Deadwood Park (2007) – By Joshua Samford

 As I continue to make my way through the filmography of Eric Stanze pictures, I’m growing to appreciate his work more and more as well as that of the whole Wicked Pixel cast of characters. Deadwood Park is Stanze’s most recent feature film and likely his most accomplished. Truly every time he helms a project he attempts something completely different than his previous work. Whether it is the depraved gore horror of I Spit On Your Corpse, I Piss on Your Grave or the acid trip on celluloid that is Ice From the Sun. Stanze has kept within the confines of the horror genre up until now, but Deadwood Park shows him branching out even further from what some may deem as his exploitation roots by delivering a truly atmospheric and frightening feature about small town politics, the supernatural and an ancient curse. Deadwood Park is Stanze’s most epic project yet, and shows off his talent in much flashier terms than I have seen from him so far. Even though the film is shot on digital, Stanze keeps his film looking visually magnificent. The sets and locations within the film are always stunning and Stanze keeps a very professional atmosphere in what one assumes is a low budget affair. However, there is a massive WWII sequence that will have you thinking otherwise. Stanze is a figurehead in the Indie film community for horror fans, and I was highly impressed with his step-up in production value and focus on character motivation and plot development with Deadwood Park. It is an atmospheric, and to be honest… often times scary, stab at the supernatural horror subgenre.

Deadwood Park focuses on a man’s return to his hometown from his childhood, and his dealing with not only the death of his brother from that time period – but the fact that his brother was merely the last victim of a massive child killing spree that took place over many years. Not only that, but the murderer has never been discovered or punished. Not knowing exactly why he has made his way to his hometown, he takes refuge at his parents home and intends to fix it up. At the local hardware store he meets a young woman who assumes (like most) that he is in town to investigate the murders, and since she can find noone to talk even to her about the murders; she wants to help him. Thus, the seed is planted and our two heroes set out to find as much information as they can about this horrifying past. As they investigate though, our hero begins to have walking nightmares of children haunting his home. They appear everywhere – and they want him to discover their murderer.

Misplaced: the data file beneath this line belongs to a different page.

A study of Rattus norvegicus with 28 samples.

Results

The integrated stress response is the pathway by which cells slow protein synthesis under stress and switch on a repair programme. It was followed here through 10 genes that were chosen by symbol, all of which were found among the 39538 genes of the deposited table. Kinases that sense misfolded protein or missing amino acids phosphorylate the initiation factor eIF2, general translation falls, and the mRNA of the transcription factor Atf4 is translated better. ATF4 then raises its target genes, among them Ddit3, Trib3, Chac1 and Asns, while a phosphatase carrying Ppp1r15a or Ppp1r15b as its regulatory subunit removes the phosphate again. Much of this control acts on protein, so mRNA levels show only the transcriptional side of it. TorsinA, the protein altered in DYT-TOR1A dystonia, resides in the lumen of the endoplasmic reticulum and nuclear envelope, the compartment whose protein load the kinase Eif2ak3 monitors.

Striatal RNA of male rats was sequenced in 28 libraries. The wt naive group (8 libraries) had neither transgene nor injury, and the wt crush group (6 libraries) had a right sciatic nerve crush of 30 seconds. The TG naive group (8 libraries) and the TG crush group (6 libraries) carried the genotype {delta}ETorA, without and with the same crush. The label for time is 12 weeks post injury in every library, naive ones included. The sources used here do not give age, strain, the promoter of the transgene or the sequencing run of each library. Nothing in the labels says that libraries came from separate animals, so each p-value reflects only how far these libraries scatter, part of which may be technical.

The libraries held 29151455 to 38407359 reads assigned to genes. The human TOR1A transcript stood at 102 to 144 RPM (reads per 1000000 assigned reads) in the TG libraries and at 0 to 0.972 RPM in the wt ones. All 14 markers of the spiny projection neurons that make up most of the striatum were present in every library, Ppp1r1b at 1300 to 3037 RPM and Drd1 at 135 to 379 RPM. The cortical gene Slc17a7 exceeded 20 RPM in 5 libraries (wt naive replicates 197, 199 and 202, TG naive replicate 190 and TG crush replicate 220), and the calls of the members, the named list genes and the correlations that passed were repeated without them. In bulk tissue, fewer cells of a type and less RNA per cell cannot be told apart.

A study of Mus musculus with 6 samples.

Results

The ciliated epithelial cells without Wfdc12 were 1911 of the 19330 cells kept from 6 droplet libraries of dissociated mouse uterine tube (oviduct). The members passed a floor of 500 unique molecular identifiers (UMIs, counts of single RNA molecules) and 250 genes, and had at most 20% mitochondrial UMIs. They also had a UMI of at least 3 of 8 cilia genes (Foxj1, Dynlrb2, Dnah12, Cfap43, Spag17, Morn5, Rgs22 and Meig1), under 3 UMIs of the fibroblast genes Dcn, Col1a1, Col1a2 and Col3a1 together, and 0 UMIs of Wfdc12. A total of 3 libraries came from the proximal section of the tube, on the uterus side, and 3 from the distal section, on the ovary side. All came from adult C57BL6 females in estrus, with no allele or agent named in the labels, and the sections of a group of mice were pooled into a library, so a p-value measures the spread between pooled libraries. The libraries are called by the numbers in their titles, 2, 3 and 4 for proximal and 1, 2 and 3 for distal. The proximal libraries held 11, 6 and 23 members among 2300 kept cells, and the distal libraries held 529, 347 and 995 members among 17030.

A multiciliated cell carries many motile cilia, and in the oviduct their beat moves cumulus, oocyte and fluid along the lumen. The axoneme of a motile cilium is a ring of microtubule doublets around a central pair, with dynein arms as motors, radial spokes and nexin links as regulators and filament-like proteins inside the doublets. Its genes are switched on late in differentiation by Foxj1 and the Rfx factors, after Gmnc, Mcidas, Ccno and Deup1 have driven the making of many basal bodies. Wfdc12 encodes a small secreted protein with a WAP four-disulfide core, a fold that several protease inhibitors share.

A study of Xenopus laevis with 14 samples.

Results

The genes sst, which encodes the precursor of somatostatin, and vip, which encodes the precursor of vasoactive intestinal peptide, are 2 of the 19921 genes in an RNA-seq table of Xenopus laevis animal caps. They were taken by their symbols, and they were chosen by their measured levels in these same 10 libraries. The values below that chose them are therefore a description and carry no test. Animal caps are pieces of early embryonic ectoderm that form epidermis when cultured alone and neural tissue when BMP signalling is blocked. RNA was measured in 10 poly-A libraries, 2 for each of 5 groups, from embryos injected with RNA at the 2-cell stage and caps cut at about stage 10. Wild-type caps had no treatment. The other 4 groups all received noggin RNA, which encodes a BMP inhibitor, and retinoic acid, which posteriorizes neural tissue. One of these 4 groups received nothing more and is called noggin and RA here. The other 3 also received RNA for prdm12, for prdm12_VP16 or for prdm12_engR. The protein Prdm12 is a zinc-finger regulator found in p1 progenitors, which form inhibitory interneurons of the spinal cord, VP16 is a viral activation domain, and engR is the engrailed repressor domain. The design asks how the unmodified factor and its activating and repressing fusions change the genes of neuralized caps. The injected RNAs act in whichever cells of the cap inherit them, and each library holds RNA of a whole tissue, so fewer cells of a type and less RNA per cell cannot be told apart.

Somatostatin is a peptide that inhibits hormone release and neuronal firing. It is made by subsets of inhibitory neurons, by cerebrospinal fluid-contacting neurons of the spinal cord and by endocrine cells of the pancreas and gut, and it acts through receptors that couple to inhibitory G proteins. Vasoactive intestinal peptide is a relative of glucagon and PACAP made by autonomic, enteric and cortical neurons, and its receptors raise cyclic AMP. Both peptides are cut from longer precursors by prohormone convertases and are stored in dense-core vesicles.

Within the commentary on the DVD (By the way, Stanze’s commentaries are pretty interesting, like I mentioned before the guy has a radio voice – and he’s also pretty informative) Stanze said that Mario Bava’s "Mask of Satan" was a big influence on him during the making of the film – and I think it definitely shows. Both films have very deliberate pacing and both go for more atmospheric scares than the "jump out and get you" variety – although both have their own fair share of those as well. The amazing attention to detail with the visual direction of the film, the use of shadow within every frame and the unnerving music and the slower pace keep the audience anticipating their scares, and for me it worked quite well. I definitely feel Deadwood Park succeeded in the tension and scares department, and for a horror film such as this that is the highest compliment you can really give. Deadwood Park has its fair share of problems however, some of the performances at times can be a bit dry and that slow pace can ware the audience thin at times I think. If anything, a few of the scenes with our lead character investigating his now haunted home could have been taken down a hair – but I am of the opinion that the film is what it is, and I think in the end it makes the pace work for its behalf. I highly recommend the film as well as all of Wicked Pixel’s work and hope others will check out their awesome features. You can read more at Wicked Pixel.com – do check them out guys!